Records point to extent of abuse by PSL woman

Date: 2007-07-25

Records point to extent of abuse by PSL woman

By Will Greenlee
Originally published 10:23 a.m., July 25, 2007
Updated 10:23 a.m., July 25, 2007

PORT ST. LUCIE — One of the adults in Judith Leekin's care appeared "brainwashed," while another was "functionally deprived" and showed "obvious signs of medical, dental neglect."

These adults and two others — all in their 20s — were socially isolated, denied an education and health care and bound with plastic zip ties and handcuffs, according to records obtained Wednesday, a day after the 62-year-old local woman was charged with their abuse.

"Getting them the care that they need, I'm sure would cost her some money to do that, and she limits her expenses by restricting their care," police Capt. Scott Bartal said. "If you send a kid to school, that's an expense that you're going to have to realize and she didn't have that expense. Why she did what she did, it's all for financial gain."

Leekin was arrested last week on aggravated child abuse and other charges after she allegedly abandoned an 18-year-old woman at a Publix in St. Petersburg. She was accused of malnourishing children in her care, and now she's facing criminal charges for four adults in her care.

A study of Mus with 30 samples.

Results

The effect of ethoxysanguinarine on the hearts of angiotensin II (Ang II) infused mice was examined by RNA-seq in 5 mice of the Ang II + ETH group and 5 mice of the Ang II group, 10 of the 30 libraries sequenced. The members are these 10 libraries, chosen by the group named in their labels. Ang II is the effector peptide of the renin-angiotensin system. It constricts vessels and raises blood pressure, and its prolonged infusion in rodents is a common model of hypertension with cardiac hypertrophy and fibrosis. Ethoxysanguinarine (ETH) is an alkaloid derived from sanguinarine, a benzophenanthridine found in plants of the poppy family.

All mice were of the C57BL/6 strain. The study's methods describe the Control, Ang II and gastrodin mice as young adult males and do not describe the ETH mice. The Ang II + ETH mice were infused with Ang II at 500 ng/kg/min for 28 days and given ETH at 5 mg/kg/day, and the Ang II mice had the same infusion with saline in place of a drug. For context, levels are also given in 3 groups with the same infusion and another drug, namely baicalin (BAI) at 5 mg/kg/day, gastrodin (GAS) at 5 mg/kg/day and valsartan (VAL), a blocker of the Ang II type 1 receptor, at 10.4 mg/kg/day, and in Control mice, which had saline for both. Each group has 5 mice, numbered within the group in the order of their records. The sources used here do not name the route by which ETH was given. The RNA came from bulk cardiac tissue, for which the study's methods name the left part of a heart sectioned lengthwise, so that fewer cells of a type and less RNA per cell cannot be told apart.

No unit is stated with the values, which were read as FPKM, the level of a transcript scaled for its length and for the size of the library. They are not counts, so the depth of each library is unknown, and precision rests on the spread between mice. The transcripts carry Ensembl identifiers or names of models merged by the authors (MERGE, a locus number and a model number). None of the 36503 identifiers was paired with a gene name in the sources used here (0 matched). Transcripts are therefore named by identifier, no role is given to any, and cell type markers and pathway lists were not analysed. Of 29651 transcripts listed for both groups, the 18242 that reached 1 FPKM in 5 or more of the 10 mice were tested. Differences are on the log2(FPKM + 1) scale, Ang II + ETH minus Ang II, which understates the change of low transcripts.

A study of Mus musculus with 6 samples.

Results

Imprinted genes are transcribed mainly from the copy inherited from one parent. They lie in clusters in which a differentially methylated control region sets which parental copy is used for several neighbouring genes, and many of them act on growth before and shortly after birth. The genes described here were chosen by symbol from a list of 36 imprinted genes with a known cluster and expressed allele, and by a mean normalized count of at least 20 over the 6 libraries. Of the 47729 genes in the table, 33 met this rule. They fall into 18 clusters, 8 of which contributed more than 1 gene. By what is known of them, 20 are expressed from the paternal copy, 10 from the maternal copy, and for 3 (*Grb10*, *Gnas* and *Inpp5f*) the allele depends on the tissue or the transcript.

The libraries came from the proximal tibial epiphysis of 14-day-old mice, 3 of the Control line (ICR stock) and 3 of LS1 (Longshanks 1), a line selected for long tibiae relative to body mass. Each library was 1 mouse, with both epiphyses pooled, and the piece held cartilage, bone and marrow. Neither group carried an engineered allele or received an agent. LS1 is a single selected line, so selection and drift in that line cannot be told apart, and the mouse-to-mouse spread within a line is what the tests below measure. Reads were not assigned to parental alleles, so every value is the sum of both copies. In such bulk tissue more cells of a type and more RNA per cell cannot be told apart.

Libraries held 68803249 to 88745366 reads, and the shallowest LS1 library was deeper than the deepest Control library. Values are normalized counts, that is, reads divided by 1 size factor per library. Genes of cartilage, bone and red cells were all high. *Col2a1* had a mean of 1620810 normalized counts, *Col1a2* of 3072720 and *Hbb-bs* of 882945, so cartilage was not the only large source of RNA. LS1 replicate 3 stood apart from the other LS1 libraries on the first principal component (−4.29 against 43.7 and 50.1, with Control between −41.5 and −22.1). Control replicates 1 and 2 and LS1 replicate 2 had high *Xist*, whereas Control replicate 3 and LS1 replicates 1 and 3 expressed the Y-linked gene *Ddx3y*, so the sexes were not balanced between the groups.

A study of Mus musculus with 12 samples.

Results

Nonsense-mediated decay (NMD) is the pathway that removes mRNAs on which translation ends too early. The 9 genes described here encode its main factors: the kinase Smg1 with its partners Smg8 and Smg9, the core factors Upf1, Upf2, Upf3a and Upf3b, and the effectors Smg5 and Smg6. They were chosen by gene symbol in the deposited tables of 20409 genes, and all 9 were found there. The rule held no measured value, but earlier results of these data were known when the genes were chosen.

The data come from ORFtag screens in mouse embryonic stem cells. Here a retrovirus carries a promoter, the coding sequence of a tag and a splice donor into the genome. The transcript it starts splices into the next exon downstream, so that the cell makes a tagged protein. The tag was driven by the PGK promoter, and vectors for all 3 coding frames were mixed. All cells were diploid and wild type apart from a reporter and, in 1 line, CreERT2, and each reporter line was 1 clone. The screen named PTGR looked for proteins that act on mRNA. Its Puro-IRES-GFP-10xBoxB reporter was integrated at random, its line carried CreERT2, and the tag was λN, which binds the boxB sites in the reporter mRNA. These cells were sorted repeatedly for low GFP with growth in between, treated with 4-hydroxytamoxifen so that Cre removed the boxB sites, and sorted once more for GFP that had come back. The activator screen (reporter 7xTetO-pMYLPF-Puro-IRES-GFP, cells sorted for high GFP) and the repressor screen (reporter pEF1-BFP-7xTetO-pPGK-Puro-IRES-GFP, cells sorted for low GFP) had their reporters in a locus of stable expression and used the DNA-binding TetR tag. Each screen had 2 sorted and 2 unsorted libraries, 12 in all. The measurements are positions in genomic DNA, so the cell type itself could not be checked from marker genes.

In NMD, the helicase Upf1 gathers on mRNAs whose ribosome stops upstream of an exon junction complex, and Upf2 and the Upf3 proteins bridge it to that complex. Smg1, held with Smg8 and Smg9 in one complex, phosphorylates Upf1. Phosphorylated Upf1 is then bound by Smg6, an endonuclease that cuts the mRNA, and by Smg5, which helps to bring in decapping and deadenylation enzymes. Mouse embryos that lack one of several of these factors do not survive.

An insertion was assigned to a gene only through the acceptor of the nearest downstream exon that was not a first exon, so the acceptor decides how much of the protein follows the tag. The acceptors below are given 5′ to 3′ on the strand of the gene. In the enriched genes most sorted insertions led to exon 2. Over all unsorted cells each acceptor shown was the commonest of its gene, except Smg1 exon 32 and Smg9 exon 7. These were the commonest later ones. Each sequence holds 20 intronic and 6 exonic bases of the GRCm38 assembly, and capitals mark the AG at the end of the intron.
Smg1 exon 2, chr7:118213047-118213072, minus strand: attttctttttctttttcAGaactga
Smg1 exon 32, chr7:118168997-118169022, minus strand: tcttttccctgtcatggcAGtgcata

Each count of aggravated elderly or disabled adult abuse carries a $1 million bond, bringing Leekin's total bond amount to $4,435,000. She remained in the St. Lucie County Jail on Wednesday, a jail official said.

Police suspect Leekin received subsidies from New York, where the nine people appear to have been adopted over a span of a few years, and the federal government. Bartal believes Leekin used more than one name to adopt the children and got thousands of dollars a month.

He also said Leekin is thought to have adopted two other people, though investigators haven't been able to locate them.

Court records in New York that police were seeking last week have been unsealed, though "even after they're opened, our communication with the State of New York as far as being able to positively identify these people is limited because of confidentiality of this adoption process," Bartal said.

Meanwhile, Leekin's Miami-based attorney, Mario Garcia Jr., declined comment.

"I choose not to try my cases in the media," he said.

One of the victims indicated he'd been in the adoptive home for 20 years and had no schooling past the third or fourth grade.

A doctor from the state Department of Children & Families examined at least four of the adults and a summary of his findings was included in a warrant application supporting the most recent charges.

It read in part, "These adults were isolated socially from interacting with other people, denied educational opportunities, denied medical or dental care and often restrained utilizing zip ties or handcuffs and forced to sleep in live on a small hallway floor and only able to use a sheet and single pillow."

Bartal said Leekin "conditioned" the kids to speak with authorities without "giving up what was really going on."